Aspen Times Weekly book review: ‘Black River: A Novel’
‘Black River: A Novel’
S. M. Hulse
240 pages, softcover: $14.95
Mariner Books, 2016
“Wesley is one of those Montana men whose mouths hardly move when they speak, for whom words are precious things they are loath to give up,” writes first-time novelist S. M. Hulse in Black River, a story haunted by loss and violence in a dead-end prison town.
Although the narrative begins from the perspective of Claire, Wes’ wife, at a hospital in Spokane, it quickly shifts: Claire is dying of leukemia. Her last wish is to return to her chosen home in Black River, Montana, where her son still lives. It’s a landscape Hulse describes in gorgeous detail: “The foothills rose abruptly here, as though the earth had suddenly run aground of something much stronger and sturdier and been left with nowhere to go but skyward. Old logging roads crossed the bare slopes like neat surgical scars.”
But Wes, a retired corrections officer, returns without his wife, hoping to reconcile with his stepson, Dennis, the product of a rape that happened shortly before Wes and Claire met. Propelling the plot is a looming parole hearing for the prisoner who tortured Wes during a prison riot 18 years earlier, breaking nine of his fingers, leaving him without the ability to play his beloved fiddle.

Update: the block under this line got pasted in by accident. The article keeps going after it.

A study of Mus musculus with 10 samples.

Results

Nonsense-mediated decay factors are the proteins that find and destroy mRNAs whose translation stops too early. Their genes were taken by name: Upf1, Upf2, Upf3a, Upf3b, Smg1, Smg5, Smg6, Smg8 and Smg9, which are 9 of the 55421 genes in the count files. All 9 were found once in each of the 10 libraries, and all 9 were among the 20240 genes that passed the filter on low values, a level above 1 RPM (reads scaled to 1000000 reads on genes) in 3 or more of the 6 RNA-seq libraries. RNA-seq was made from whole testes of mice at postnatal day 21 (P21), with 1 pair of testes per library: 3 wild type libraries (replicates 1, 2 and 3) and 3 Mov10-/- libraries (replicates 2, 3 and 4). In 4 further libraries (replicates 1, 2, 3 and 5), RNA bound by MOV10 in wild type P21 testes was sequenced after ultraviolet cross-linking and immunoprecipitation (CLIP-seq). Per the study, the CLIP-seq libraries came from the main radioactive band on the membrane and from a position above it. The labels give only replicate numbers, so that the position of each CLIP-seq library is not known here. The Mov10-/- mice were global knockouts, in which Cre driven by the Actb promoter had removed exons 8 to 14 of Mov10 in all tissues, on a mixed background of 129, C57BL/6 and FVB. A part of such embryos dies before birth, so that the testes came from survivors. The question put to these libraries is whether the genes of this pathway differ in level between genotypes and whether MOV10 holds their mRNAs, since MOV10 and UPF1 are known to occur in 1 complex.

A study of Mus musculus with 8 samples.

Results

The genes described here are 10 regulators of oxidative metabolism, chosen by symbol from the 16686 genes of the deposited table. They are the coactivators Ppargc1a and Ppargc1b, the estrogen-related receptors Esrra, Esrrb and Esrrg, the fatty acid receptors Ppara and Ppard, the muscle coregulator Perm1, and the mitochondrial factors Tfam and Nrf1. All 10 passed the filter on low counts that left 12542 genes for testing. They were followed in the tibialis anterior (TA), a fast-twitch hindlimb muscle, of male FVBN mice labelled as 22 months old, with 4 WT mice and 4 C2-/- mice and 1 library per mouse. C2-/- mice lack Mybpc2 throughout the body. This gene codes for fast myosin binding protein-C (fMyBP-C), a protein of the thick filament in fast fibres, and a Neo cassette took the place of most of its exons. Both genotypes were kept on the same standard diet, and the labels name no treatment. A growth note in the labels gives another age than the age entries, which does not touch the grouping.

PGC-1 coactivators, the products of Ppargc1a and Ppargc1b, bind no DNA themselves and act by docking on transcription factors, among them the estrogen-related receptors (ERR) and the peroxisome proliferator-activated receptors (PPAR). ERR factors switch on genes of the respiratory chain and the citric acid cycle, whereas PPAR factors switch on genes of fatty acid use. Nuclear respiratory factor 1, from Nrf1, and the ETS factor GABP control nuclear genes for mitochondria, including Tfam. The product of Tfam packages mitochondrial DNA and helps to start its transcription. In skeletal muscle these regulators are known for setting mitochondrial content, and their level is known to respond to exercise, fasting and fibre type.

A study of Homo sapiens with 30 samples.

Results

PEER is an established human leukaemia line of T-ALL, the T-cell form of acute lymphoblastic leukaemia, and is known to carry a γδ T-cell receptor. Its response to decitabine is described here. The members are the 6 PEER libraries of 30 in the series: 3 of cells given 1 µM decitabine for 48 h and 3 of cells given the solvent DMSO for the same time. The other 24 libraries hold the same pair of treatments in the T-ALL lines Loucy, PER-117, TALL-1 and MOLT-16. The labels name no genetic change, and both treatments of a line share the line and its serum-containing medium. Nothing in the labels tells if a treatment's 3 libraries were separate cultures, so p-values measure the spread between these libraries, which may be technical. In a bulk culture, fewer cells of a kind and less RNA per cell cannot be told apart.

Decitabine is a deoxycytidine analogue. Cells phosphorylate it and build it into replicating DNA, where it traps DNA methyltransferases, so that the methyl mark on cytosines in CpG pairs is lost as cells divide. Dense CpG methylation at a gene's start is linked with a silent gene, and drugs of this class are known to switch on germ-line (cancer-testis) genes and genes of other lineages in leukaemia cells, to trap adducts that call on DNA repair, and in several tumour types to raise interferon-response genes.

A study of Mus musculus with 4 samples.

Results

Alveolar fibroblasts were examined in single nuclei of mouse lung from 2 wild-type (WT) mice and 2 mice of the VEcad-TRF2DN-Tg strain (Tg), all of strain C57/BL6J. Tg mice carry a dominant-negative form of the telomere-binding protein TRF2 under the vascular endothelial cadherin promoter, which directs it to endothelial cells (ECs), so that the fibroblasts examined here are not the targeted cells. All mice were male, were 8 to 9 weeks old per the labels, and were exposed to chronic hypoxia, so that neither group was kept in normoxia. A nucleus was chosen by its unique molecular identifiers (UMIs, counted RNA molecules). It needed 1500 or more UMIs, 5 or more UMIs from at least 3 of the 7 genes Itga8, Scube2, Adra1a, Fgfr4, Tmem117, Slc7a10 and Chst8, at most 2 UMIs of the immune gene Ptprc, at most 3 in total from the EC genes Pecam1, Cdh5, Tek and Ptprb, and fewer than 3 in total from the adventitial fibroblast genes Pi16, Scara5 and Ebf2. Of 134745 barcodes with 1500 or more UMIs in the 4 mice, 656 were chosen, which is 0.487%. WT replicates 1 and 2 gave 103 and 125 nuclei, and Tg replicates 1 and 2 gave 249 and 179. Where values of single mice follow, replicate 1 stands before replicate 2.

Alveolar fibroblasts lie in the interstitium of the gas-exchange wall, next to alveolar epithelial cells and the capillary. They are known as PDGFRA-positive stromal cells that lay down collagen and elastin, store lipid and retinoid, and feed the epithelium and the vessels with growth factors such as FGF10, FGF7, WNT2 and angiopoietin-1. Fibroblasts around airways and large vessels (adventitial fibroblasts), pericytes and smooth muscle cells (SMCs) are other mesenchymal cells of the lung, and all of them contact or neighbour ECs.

The question of forgiveness hovers over Wes, even in his relationship with Dennis. Years earlier, the boy pulled a gun on him during an argument, an incident that prompted the couple’s departure to Spokane, leaving the teenager on his own.
The ostensible reason for Wes’ reappearance in Dennis’ life is the need to dispose of Claire’s remains. Once they have flung her ashes over the valley, old antipathies return, and Dennis wants Wes gone. The stepson and the prisoner, as well as the prison itself, force Wes to confront his true vulnerability.
“What he felt in those days after her death so filled him, so commanded every moment, he knew it was just a hairsbreadth from love itself. Like the same note played an octave apart, at the same time, ringing and resonating together.”
“2023 predicted to be the Vintage of a Lifetime in Napa Valley,” proclaimed the headline this week in a press release sent out by the Napa Valley Vintners, the trade organization that represents the growers and producers in America’s most famed wine region. If there is anyone more optimistic than winemakers, it is the group that represents them.